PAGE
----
LGBT Life in the Aftermath

Mike Hamel has been chair person of the Agudah, Israel’s oldest LGBT organization for almost 5 years.  But nothing prepared him to handle the tragic shooting at the Agudah’s Nachmani Street center last August.  Hamel and the Agudah board based in Tel Aviv has been gracefully trying to deal with the aftermath of the tragedy that left two dead, 10 wounded-several permanently disabled, and a community traumatized and a nation shocked.  Israelis are not strangers to war wounds, terrorist attacks and violence. But the carefully executed attack on a youth program on August 1 last summer on a Saturday night made the whole country reel. 

The murderer has never been found.  It is an open case.

Dressed commando style, in a black ski mask and black clothing the gunman entered and carefully took aim at the mostly teenage crowd.  He murdered a young woman who had come to the gay and lesbian center to accompany a friend who was too intimidated to come by himself.  The gunman murdered a social worker who was there to help these young folks and provide adult supervision.

Hamel was one of the first on the scene.  Mike recalled the evening as “a horror beyond belief.”   As the volunteer chair person he became the spokesperson for the community-trying to deal with the situation, the press, and his own feelings.  Mike came out later in life and is the father of three children himself.  He could relate to the parents who were finding out late on a Saturday night that their children had been in an attack.  He could relate to their own fears and terror.  But for many of the parents it was a double whammy -they were also learning that their children were gay or lesbian or questioning.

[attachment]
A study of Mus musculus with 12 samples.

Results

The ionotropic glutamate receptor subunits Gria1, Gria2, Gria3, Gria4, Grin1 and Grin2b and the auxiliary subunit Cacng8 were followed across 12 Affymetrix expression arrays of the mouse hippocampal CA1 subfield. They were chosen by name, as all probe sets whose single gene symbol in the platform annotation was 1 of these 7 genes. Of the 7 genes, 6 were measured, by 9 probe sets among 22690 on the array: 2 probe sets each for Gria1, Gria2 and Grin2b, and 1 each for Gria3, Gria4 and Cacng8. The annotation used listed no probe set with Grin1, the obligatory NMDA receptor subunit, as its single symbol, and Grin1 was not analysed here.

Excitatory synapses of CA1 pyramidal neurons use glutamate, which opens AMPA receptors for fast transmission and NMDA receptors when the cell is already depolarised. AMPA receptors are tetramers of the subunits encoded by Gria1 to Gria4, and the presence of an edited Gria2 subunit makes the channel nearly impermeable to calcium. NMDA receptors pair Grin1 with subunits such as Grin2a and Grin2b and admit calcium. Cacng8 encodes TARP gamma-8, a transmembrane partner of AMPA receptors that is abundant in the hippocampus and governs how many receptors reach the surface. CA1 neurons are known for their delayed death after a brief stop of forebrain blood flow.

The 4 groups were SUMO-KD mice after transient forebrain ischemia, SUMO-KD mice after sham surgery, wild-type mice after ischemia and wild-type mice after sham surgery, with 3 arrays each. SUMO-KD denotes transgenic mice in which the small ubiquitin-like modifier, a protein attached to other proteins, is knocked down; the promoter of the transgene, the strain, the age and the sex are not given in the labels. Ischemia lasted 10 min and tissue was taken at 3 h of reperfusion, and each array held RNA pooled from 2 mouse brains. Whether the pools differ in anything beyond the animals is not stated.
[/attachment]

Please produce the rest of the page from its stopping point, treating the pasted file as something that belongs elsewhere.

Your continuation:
Hamel recalled on Friday morning at a meeting at the LA Jewish Federation, that one young man who had been shot in the arm, dialed his father on his cell phone on the way to surgery with his good hand.  The father, a religious Jew told the young man “You deserve this.”   Hamel and the Agudah helped this young man through his surgery and even following because his family didn’t want him to come home and be identified as gay. People would see his cast and make assumptions, they worried.  Hamel was able to work with a modern, Orthodox rabbi to help this father understand that his child needed him and that the right thing to do was to help his son.

Hamel is one of the unsung heroes of LGBT life in Israel in the aftermath of this tragedy.

There is still fallout from the shooting; especially the teens and their care.  The one social worker brought on by the Agudah is swamped with calls from all over the country.  Hamel reported that the social worker recently got a call from the Galilee from a young Druze trangender woman whose family when they found out want to kill her.  The social worker and the Agudah are working to get her to safety.  A woman’s shelter wouldn’t take her because she is “not” a woman yet.   Hamel says, “Things fall through the cracks, but in this case it is people. People are falling through the cracks because even though there are legal rulings of equality in Israel there is not legislation protecting people.”

Mike is a hero because of his work.  And because of his caring and his leadership. He has made sure that every one of the vicitims of this violence has been cared for whether their family has done so or not.  He has made sure that the Agudah keeps its doors open.    Learn more about the Agudah here.